Themison of Laodicea


Themison was a native of Laodicea in Syria,[1] and a pupil of Asclepiades of Bithynia.[2] Nothing more is known about the events of his life except that he seems to have travelled a great deal; as he mentions Crete and Milan, apparently as an eye-witness.[3] Neither is it certain if he ever visited Rome, though it is perhaps more probable that he did so. He differed from his teacher on several points in his old age, and became the founder of a new sect called the Methodic school (Methodici), which long exercised an extensive influence on medical science.[4] He wrote several medical works, but in what language is not mentioned; of these only the titles and a few fragments remain, preserved principally by Caelius Aurelianus, for example: Libri Periodici; Epistolae in at least nine books; Celeres Passiones in at least two books; Tardae Passiones in at least two books; Liber Salutaria; De Plantagine.[5]

He was perhaps the first physician who made use of leeches,[6] and he is said to have been attacked with hydrophobia, and to have recovered.[7] Eudemus and Proculus are said to have been followers (Latin: sectatores) of Themison, which may only mean that they belonged to the Methodic school.[8]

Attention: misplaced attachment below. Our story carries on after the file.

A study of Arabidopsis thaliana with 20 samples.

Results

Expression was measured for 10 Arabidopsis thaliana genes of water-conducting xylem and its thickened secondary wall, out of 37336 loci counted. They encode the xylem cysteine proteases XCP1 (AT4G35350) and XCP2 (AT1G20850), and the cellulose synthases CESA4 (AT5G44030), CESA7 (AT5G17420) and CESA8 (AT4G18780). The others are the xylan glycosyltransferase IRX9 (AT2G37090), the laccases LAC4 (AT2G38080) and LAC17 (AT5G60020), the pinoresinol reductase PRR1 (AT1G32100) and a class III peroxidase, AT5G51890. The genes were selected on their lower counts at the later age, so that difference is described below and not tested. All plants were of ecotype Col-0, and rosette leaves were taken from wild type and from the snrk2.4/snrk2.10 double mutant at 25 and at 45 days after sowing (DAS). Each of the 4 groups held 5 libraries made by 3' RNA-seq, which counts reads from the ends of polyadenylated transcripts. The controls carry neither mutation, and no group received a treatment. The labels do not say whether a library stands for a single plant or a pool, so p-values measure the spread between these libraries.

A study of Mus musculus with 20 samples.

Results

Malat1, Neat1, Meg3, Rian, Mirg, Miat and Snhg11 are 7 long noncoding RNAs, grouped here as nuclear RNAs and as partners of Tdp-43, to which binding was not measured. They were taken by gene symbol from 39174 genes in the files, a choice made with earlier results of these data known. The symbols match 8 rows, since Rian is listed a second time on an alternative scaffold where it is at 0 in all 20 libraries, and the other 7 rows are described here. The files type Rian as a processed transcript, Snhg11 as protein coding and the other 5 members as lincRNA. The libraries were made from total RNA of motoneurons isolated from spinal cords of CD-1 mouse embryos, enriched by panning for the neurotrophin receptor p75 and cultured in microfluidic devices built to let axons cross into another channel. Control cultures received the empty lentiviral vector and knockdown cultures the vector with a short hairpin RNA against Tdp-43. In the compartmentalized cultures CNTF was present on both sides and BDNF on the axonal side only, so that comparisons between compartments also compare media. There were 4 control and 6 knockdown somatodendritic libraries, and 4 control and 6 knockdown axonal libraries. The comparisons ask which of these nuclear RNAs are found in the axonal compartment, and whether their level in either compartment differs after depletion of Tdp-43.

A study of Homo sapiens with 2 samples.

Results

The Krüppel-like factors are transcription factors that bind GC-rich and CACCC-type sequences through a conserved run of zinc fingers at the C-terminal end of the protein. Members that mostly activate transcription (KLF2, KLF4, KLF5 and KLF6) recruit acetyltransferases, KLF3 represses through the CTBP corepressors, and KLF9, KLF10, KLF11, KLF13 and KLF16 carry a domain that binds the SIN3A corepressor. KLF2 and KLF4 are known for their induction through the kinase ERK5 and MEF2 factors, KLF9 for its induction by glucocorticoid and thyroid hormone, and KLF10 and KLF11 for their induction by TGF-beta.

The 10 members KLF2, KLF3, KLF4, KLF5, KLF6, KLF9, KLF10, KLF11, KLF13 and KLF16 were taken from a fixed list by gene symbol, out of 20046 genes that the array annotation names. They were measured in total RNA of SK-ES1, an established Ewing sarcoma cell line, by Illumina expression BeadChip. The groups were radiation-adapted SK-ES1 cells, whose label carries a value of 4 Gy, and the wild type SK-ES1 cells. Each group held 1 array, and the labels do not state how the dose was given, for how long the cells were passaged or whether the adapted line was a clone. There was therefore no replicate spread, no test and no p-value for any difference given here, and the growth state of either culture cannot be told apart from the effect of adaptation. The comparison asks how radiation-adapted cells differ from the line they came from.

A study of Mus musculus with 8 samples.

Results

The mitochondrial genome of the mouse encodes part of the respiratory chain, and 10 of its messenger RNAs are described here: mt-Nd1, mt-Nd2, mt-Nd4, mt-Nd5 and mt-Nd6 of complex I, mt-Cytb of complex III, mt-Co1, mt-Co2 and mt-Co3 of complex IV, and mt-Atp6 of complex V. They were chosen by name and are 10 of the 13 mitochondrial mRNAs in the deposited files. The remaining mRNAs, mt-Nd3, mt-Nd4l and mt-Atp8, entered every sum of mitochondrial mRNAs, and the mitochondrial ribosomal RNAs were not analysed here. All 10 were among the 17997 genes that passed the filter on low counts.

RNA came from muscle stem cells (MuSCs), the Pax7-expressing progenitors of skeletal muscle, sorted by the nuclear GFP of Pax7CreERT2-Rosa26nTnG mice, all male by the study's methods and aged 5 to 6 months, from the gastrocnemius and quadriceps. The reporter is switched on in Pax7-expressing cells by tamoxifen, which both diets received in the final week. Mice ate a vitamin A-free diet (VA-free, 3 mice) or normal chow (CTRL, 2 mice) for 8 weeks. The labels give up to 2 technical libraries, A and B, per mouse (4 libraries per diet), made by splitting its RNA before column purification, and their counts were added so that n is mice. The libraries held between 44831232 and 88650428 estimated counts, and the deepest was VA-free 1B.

Themison was criticized by Soranus[9] for his cruel handling of mental patients. Among his prescriptions were darkness, restraint by chains, and deprivation of food and drink. Juvenal[10] satirized him and suggested that he killed more patients than he cured, but whether he means this Themison or some contemporary is unknown.

References[edit]

  1. ^ Pseudo-Galen, Introd. c. 4, vol. xiv.
  2. ^ Pliny, H. N. xxix. 5
  3. ^ Caelius Aurelianus, De Morb. Acut. iii. 18
  4. ^ Celsus, De Med. i. praef.; Galen, De Meth. Med. i. 4, 7. vol x.
  5. ^ Pliny, H. N. xxv. 39; Macer Flor. De Vir. Herb. c. 6. v. 265
  6. ^ Caelius Aurelianus, De Morb. Chron. i. 1
  7. ^ Caelius Aurelianus, De Morb. Acut. iii. 16; Dioscorides, De Venen. Animal. c. 1. vol. ii.
  8. ^ Caelius Aurelianus, De Morb. Acut. ii. 38, De Morb. Chron. iii. 8
  9. ^ Soranus, De Arte Obstetr.
  10. ^ Juvenal, Sat. x. 221

Sources[edit]

 This article incorporates text from a publication now in the public domainSmith, William, ed. (1870). "article name needed". Dictionary of Greek and Roman Biography and Mythology.